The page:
We have been on eight flights in the past 18 months since Lauren came into our life. Most flights went pretty well, but there were times when it got very, very challenging. The worse was when neither Nick nor I got any sleep over an eight-hour overnight flight. Nevertheless, fear not. We have since learned our lessons and have a few tips up our sleeves now.
Here is a list of my top 10 tips for parents traveling with babies and toddlers.
1. Book (well) in advance
For flights during peak holiday seasons, make sure to book well in advance. Call/email the airlines to confirm your baby bassinet seat reservation. Otherwise, you will have to hold your baby in lap throughout the journey.
2. Choose your flight according to your baby’s routine
For a short-distance flight, choose a flight after meal and nap time. Make sure your baby is well fed and well rested. If your baby falls asleep easily, choose a flight that departs half an hour before nap time, so your baby will sleep on the plane.
Some parents swear by night flights for long distance, because your baby may sleep through most of the flight. From my personal experience, it was a disaster. But please don’t let my experience deter you.
3. Priority boarding?
Decide at the gate whether you want to pre-board. Getting on early gives you extra time to get settled, but it also means your child has to sit for much longer. Your child might get restless by take off. A better idea is to have your partner/husband get on the plane with the bags while you let your toddler run around until the final call.
4. Choose an aisle seat
You will have to get up more often when traveling with a young child. Having a seat at the aisle will give you more freedom to move without having to climb on top of others or needing to wake people up.
5. Taking off and landing
To help your baby to equalize the ear pressure during take off and landing, you can either nurse your baby, give him water to drink or make them eat something small. Swallowing helps to relieve the pressure in young child.
6. Buy an extra ticket or take a baby carrier with you
Short distance: Consider taking your baby carrier on board, this way your hands are free to carry hand luggage, fill out immigration forms or any other thing you have to do. It is more comfortable for both yourself and baby than having him/her wriggling on your lap.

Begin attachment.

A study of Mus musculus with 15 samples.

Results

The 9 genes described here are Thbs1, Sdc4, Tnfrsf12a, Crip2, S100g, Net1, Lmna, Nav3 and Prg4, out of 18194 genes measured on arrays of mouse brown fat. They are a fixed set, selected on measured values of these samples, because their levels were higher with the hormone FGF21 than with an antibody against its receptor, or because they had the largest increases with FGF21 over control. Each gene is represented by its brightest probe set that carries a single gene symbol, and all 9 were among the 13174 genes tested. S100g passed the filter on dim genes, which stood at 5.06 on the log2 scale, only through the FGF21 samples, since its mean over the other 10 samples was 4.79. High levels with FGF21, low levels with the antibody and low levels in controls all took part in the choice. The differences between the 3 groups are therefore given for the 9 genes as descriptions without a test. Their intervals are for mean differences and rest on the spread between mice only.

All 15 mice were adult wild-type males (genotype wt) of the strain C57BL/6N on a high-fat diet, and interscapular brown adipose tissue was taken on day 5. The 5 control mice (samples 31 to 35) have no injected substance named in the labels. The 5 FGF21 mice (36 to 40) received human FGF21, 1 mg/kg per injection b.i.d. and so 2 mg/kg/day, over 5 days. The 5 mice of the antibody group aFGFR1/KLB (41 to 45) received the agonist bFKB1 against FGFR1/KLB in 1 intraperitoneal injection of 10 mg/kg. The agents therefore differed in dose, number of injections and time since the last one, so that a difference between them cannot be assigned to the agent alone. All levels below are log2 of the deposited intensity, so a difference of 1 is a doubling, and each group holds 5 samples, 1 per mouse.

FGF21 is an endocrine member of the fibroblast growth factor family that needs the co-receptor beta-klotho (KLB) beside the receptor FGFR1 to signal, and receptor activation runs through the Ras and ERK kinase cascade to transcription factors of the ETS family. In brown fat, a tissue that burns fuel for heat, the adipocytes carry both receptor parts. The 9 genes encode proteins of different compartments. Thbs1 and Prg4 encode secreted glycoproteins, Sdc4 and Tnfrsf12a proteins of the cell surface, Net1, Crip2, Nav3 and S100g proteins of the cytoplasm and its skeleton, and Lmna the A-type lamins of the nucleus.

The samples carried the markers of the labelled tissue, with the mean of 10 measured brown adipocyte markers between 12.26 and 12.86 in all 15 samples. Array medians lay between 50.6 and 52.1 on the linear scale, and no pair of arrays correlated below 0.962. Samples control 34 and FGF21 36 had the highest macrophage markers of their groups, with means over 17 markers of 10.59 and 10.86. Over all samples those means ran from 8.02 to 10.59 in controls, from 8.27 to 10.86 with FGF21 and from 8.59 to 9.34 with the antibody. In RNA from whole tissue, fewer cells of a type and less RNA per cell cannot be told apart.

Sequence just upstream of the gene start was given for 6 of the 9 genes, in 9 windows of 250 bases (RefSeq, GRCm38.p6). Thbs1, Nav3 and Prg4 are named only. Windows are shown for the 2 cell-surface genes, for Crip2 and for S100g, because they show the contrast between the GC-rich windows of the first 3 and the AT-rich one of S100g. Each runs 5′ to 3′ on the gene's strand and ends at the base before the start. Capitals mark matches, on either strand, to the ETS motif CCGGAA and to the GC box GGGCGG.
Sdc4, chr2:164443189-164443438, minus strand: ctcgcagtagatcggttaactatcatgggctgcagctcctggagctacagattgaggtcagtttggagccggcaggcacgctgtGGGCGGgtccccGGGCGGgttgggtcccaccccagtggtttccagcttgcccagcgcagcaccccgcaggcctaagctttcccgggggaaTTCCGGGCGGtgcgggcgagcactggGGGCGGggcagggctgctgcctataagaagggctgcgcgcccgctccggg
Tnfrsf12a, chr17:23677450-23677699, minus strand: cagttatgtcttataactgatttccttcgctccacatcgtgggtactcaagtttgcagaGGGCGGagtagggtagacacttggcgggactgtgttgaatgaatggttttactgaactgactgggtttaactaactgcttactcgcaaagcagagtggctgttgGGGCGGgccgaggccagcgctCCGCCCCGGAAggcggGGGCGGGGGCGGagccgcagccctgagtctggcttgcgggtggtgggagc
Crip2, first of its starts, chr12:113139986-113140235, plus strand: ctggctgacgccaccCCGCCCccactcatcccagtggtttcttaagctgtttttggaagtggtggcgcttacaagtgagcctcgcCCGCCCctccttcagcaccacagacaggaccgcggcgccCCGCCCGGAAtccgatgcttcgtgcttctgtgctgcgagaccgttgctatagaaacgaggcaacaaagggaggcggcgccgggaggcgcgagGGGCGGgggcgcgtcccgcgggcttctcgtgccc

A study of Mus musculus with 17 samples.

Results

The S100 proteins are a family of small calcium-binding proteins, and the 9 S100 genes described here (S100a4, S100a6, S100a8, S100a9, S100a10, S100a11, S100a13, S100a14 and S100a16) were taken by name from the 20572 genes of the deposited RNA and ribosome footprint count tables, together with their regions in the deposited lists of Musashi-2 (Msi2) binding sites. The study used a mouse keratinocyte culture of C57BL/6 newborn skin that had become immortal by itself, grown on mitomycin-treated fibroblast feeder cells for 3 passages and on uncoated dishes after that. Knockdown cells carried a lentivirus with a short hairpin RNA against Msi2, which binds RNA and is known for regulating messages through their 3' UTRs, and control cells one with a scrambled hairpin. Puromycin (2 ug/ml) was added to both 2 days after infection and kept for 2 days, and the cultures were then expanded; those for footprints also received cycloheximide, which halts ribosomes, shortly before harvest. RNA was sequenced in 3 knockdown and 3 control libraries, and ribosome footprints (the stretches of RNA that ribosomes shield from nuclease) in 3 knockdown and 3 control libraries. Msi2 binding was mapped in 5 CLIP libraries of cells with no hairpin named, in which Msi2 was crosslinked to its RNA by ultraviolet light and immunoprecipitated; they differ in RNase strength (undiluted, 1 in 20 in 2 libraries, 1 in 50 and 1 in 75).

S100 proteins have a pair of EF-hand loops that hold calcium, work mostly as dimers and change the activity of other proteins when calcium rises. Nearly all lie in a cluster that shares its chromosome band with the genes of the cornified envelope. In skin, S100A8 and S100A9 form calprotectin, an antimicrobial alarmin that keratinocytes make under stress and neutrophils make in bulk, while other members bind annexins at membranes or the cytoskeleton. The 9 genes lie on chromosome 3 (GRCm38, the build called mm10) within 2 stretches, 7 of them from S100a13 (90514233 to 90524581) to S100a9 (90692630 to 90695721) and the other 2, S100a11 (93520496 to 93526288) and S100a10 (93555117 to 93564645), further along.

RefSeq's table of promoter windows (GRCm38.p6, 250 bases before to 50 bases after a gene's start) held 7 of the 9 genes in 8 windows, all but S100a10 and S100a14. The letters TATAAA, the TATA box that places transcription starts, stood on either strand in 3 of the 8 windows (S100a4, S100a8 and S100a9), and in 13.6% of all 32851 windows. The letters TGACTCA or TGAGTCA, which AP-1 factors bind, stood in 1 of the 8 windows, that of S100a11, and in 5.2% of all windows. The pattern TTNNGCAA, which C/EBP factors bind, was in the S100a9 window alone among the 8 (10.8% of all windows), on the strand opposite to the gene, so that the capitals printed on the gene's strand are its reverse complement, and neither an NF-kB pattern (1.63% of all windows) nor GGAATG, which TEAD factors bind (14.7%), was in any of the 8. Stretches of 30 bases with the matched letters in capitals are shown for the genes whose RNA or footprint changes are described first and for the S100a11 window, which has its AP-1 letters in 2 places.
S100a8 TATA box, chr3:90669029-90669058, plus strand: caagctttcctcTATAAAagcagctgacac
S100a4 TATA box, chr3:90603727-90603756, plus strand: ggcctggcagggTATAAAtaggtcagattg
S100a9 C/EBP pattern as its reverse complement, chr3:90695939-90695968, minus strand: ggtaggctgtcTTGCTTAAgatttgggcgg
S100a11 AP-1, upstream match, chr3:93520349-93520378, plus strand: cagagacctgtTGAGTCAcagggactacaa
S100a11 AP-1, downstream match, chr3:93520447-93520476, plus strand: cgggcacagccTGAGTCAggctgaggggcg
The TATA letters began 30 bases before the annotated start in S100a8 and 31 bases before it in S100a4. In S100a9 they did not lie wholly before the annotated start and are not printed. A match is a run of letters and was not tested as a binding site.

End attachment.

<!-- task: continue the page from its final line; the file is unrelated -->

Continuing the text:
Long distance: Consider bringing your child’s car seat. This means you’ll probably have to buy an extra ticket, but holding your toddler for the entire flight can be a drag. It’s also unsafe. Plus, the car seat is familiar to her, and she’s already used to traveling and napping in it.
7. Pack it up
Make sure your diaper bag has extra clothes (in case of spillage), jackets/cardigan (temperature in cabin can be chilly), diapers, wipes, food, milk, pacifiers, toys, and blankets. Be sure to also pack something your baby loves. Sitting in a plane can be really boring and feel too unfamiliar for your baby; pack something that will get his immediate attention and be familiar to him. It could be his favorite toy, book, teddy bear, food or whatever you baby loves.
8. Stay calm at all times
If your baby throws a fit, the worst thing you can do is freak out. When you start panicking, your baby picks up on your tension and can get even more upset. Do what you do at home to soothe a tantrum: Walk around, hum her favorite lullaby, or distract her with a toy. And while it’s only polite to try to keep your child from disrupting the flight, don’t worry too much about what other people think. Apologize, but remember you’ll most likely never see your fellow passengers again.
9. Ask for help
If you are traveling alone with your baby, don’t be shy and ask the flight attendant to help you hold your baby, distract the baby or serve you food first. Whatever you need or feel that could help you and your baby to have a more comfortable flight, just ask for it! Most air hostesses are very nice and helpful.
10. Be mentally prepared
That means always expect the unexpected. This one should not be too much of a stretch, as after all we are parents. Accept the fact that things go wrong, baby gets sick, flight gets delayed, etc. Think of it all as an adventure. This way you are less likely to get frustrated and more likely to laugh things off and have a good time flying with your baby.